Egypt’s political transition has prompted one of the country’s leading investment banks to revise its short-term strategy in anticipation of economic slowdown and possible stagflation.
Pharos Holding predicts volatility will last until blueprints for political reform are translated into concrete action and suggests investors attempt a ‘tactical shift’ towards money market funds and, within equities, late cycle and ex-Egypt plays. While advising short-term caution, it adds that successful democratic reforms may herald long-term gains.
“We are very concerned over the short-term,” says Hani Genena, co-head of research at Pharos, who describes the current situation as "one of the worst scenarios" and believes the next six months of military rule before mooted democratic elections will be "boom or bust – there is no middle ground."
Having foreseen a cyclical economic recovery back in December, Pharos now views the rally in global depositary receipts up to 15 February as reflective of the reduced chances of economic meltdown rather than a sign of full-fledged recovery.
Short-term portfolio allocation will be shaped by a range of factors. Among those cited by Pharos are reduced business and consumer confidence, tight liquidity, high energy and commodity prices and a weakened Egyptian Pound versus the Dollar.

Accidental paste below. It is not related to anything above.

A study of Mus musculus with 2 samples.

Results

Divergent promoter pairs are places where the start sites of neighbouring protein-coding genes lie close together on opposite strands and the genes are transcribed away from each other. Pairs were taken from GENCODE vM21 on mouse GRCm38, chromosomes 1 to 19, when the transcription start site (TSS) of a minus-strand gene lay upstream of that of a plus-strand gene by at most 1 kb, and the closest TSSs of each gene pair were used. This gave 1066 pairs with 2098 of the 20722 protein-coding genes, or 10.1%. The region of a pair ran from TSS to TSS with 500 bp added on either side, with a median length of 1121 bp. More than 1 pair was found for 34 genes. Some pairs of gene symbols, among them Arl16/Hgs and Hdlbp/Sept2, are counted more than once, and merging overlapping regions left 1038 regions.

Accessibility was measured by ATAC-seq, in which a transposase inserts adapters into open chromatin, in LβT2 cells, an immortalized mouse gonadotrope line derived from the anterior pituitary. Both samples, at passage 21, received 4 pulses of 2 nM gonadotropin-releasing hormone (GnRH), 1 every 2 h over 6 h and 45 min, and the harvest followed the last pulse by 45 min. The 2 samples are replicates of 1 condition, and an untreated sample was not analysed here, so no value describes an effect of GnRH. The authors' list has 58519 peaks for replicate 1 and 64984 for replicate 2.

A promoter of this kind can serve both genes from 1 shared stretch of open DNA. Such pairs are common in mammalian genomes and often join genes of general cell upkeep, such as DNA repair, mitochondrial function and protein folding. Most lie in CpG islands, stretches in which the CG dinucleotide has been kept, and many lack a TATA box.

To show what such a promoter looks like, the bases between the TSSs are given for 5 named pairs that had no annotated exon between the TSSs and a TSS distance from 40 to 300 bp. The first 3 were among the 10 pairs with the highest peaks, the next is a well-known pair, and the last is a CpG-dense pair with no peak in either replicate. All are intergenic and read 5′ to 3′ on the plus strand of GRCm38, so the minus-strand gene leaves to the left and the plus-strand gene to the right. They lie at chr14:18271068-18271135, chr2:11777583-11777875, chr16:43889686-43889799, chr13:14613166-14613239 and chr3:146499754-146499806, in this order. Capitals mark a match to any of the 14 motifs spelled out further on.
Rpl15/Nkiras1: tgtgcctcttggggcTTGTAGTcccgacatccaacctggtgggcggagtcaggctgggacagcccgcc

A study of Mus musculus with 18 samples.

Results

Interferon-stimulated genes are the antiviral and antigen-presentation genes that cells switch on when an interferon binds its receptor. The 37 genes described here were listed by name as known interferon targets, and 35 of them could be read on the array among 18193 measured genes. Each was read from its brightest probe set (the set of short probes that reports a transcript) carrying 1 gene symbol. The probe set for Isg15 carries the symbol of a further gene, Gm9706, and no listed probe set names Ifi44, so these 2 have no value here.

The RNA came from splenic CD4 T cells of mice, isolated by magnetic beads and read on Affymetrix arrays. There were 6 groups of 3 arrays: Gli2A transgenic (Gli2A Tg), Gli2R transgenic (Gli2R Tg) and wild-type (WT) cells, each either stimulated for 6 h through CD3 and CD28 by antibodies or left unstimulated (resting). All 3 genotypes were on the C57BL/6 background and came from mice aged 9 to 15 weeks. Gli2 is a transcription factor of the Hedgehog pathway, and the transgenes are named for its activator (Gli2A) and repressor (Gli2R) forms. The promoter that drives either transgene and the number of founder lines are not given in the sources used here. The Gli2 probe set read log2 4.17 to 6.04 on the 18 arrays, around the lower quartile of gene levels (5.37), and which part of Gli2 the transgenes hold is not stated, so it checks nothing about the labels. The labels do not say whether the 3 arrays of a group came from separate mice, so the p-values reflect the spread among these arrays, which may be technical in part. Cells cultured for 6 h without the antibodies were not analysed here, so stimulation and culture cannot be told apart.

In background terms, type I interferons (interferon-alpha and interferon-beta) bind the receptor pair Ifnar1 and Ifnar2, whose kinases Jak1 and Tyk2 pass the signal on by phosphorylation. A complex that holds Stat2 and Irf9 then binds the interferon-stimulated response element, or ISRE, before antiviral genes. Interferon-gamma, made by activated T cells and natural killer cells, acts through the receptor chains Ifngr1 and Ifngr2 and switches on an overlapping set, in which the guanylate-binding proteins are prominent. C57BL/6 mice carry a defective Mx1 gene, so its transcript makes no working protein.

It also believes investors will be guided by the survival of industry leaders with low operating and financial leverage and will pay greater attention to shareholder structures and regulatory risks.
Telecoms, banks and consumer staples are cited as the most promising sectors for investors from an operational and financial perspective. Steel and real estate are least preferred, with property developers warned of ‘a hard time’ ahead, particularly in the secondary and holiday homes market. “In times of crisis, we advise investors to choose chattel - things people would buy anyway regardless of the situation,” says Genena.
Pharos has also expressed concern about the industrial sector in the aftermath of the upheaval due to poor earnings visibility, an expected slowdown in domestic demand and the likelihood of currency depreciation.
The longer-term outlook, though, remains hostage to the broader political picture. The report concludes: “We believe that a successful transition to a democratic state could trigger a steep recovery in both economic activity and the equity market over the medium-term. In this case, we expect banks and durables to lead the rally.”
Pharos predicts a favourable political outcome will trigger mass inflows of foreign aid and foreign direct investment. “There is pent-up demand, many Arabs investors are interested and the money is out there,” says Genena. “They are just waiting to see what the military does.”